The publication record of health-care start-up companies doesn’t seem to matter to investors, according to an analysis of nearly 50 biomedical ‘unicorns’ — venture-capital-backed companies valued at more than US$1 billion.
The analysis1, led by health-policy researcher John Ioannidis at Stanford University in California, finds no correlation between a company’s market valuation and its publication record — defined as the number of peer-reviewed papers authored directly by a firm. That’s a cause for concern, the authors say.
Among the 47 unicorns analysed, nearly half had not published any highly cited papers, defined as having at least 50 citations.
Eight companies had produced no publications at all (see ‘Unicorns and peer review’). And half of the papers published on the 47 companies’ work were authored by just 2 of the firms: the personal-genomics company 23andMe in Mountain View, California, and the Adaptive Biotechnologies, headquartered in Seattle, Washington, which makes treatments for immune-system disorders.
“I wasn’t expecting us to find such a scarcity or such a dearth of publications,” says Ioana Cristea, a psychologist at Babeş-Bolyai University in Cluj-Napoca, Romania, and co-author of the study.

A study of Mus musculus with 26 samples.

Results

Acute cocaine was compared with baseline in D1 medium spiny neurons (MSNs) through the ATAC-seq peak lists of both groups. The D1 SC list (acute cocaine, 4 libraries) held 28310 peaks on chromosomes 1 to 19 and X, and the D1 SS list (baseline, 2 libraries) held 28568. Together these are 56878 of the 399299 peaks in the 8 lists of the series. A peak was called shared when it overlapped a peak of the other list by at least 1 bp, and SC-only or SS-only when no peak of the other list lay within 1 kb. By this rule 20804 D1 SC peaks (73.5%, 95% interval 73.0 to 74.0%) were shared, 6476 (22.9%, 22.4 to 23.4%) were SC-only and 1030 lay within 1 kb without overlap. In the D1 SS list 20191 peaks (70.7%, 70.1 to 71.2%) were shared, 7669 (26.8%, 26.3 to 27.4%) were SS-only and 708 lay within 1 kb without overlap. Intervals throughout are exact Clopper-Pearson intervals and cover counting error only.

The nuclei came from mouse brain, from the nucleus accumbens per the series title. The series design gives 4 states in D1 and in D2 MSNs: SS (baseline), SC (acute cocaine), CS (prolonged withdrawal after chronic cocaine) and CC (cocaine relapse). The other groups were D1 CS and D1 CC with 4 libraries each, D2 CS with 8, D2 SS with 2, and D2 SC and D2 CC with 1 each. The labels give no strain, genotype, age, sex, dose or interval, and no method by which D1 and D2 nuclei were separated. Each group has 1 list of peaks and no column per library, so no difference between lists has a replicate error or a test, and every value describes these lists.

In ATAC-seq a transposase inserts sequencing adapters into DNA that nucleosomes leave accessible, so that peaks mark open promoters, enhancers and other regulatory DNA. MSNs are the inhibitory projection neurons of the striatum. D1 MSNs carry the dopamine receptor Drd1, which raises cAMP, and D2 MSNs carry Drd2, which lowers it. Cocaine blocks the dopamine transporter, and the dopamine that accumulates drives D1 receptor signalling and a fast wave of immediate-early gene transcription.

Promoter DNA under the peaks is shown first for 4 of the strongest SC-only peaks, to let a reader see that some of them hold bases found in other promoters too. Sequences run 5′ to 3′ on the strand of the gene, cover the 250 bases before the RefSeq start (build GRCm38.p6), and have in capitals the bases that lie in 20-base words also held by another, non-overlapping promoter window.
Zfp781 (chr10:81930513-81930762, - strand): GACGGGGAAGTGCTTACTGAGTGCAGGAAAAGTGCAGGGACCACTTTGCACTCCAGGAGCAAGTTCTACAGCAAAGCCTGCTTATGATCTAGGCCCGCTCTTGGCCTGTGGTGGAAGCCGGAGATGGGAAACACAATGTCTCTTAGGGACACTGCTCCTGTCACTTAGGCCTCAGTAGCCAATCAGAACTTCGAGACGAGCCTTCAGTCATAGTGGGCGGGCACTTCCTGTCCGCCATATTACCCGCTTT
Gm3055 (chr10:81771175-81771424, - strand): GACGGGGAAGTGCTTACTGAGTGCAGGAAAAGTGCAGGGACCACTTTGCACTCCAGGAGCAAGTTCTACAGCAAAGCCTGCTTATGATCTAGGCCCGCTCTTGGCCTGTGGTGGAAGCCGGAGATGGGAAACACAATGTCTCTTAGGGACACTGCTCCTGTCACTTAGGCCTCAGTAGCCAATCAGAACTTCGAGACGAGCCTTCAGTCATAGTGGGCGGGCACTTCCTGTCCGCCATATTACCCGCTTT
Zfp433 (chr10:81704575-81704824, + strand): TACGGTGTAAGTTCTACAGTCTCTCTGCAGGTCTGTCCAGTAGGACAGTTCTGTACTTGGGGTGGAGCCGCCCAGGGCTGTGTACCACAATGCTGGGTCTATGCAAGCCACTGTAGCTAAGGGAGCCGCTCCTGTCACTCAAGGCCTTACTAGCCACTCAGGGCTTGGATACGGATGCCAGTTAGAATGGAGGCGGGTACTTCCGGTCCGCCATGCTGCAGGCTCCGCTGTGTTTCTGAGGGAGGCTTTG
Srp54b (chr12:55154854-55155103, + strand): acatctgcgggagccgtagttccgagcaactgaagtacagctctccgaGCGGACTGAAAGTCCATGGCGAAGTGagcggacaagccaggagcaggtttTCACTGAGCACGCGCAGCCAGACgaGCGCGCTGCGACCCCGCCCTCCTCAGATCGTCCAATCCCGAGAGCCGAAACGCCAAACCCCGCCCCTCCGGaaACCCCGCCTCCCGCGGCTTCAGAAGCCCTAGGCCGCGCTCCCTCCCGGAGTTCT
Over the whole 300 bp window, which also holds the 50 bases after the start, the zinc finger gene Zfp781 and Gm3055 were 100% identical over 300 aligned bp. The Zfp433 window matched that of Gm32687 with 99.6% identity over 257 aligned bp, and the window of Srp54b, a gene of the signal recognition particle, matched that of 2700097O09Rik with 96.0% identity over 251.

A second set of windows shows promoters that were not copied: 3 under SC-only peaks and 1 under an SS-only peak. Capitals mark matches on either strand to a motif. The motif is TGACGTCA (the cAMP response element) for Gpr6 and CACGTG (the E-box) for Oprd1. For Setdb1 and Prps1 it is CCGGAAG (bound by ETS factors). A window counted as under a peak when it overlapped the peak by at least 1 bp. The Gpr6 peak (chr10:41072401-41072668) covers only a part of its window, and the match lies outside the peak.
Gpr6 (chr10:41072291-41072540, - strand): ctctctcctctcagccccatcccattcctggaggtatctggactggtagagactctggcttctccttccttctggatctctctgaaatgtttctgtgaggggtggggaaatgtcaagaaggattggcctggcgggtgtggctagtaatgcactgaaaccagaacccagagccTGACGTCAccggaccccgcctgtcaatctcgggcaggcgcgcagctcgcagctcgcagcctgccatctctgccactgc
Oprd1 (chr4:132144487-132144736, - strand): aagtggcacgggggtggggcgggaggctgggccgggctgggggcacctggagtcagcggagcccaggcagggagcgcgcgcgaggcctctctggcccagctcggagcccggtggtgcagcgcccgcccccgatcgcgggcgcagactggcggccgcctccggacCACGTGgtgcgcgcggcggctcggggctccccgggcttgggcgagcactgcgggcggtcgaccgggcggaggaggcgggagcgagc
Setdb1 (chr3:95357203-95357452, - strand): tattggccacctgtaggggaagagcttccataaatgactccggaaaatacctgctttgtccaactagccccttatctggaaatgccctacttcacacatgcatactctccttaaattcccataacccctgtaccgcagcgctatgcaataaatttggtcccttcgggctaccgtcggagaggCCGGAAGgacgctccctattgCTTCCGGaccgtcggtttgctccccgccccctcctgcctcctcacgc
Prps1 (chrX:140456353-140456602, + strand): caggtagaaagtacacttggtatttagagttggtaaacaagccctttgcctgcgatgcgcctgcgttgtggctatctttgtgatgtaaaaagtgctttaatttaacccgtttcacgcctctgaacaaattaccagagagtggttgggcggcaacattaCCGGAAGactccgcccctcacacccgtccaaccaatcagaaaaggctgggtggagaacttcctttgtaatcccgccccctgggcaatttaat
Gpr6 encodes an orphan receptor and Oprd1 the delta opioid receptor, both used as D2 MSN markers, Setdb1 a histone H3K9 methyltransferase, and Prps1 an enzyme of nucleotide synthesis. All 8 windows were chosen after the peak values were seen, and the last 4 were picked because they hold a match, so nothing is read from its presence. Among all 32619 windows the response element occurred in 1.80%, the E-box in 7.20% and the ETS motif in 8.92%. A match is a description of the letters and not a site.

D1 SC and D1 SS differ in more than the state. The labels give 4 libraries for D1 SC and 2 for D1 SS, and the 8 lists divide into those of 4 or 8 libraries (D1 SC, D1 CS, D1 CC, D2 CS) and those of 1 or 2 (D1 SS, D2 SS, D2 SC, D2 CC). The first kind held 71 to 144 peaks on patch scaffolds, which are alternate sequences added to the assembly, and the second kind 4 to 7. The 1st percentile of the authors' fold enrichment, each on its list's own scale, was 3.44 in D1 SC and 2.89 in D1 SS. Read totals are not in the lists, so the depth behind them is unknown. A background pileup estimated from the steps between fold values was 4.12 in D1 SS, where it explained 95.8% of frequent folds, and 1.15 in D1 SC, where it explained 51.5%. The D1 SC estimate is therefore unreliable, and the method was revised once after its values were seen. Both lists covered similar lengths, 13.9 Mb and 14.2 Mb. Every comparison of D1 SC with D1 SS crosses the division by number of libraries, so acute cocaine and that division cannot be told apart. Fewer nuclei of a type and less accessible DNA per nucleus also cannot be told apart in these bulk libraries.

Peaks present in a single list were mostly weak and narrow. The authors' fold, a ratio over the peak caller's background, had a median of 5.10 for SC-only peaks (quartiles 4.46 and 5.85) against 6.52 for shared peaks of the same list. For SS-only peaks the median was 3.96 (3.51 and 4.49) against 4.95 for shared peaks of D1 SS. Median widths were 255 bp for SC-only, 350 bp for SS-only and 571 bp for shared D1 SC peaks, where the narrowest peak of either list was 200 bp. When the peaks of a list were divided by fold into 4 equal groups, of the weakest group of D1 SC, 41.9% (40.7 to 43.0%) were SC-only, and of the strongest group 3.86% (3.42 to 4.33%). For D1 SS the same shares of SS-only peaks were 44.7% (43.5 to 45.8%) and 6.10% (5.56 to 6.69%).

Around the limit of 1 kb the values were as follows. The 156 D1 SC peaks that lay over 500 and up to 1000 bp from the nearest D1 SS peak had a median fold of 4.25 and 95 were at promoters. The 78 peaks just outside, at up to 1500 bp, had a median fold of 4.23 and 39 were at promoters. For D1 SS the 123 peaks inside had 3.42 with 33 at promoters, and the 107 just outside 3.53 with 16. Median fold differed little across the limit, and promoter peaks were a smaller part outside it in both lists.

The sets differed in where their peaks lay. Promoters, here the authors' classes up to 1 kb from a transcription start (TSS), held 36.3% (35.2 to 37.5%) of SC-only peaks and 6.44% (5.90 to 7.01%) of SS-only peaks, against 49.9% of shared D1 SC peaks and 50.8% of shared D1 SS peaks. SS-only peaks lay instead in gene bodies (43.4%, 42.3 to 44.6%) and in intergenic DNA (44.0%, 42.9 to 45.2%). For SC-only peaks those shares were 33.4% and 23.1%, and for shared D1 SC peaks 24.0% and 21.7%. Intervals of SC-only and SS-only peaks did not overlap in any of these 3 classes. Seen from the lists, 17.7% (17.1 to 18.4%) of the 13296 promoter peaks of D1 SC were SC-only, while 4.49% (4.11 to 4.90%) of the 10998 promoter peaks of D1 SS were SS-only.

The analysis looked at companies around the world that develop biomedical products ranging from RNA treatments to prosthetic knees.
Publishing pays off
The findings mean that investors and the public might be building their expectations about a company’s products on evidence that is less closely scrutinized — such as information in patents, press releases and self-published reports — than that provided by the peer-reviewed literature, suggests the analysis.
“Healthcare products not subjected to peer-review but rather based on internal data generation alone may be problematic and non-trustworthy,” the authors conclude.
The authors suggest that the effort that goes into publishing can pay off in the long term. Ultimately, lack of evidence can mean that health-care products fail to gain approval from regulators such as the US Food and Drug Administration; lead to lawsuits for faulty products; and even cause harm. The analysis gives several examples of such outcomes for companies that did not have many peer reviewed papers published.
Cristea acknowledges that the peer-review process isn’t perfect. “Peer review misses a lot of things and it has a lot of issues and failures,” she says. “But also the alternative of nothing is, I think, even more problematic.”
Potential investors might instead look at the evidence presented in a firm’s patents — but patents don’t always reveal holes in a company’s data. “If you see a company that really has nothing published to back their claims, that might be a signal to heed,” Cristea says.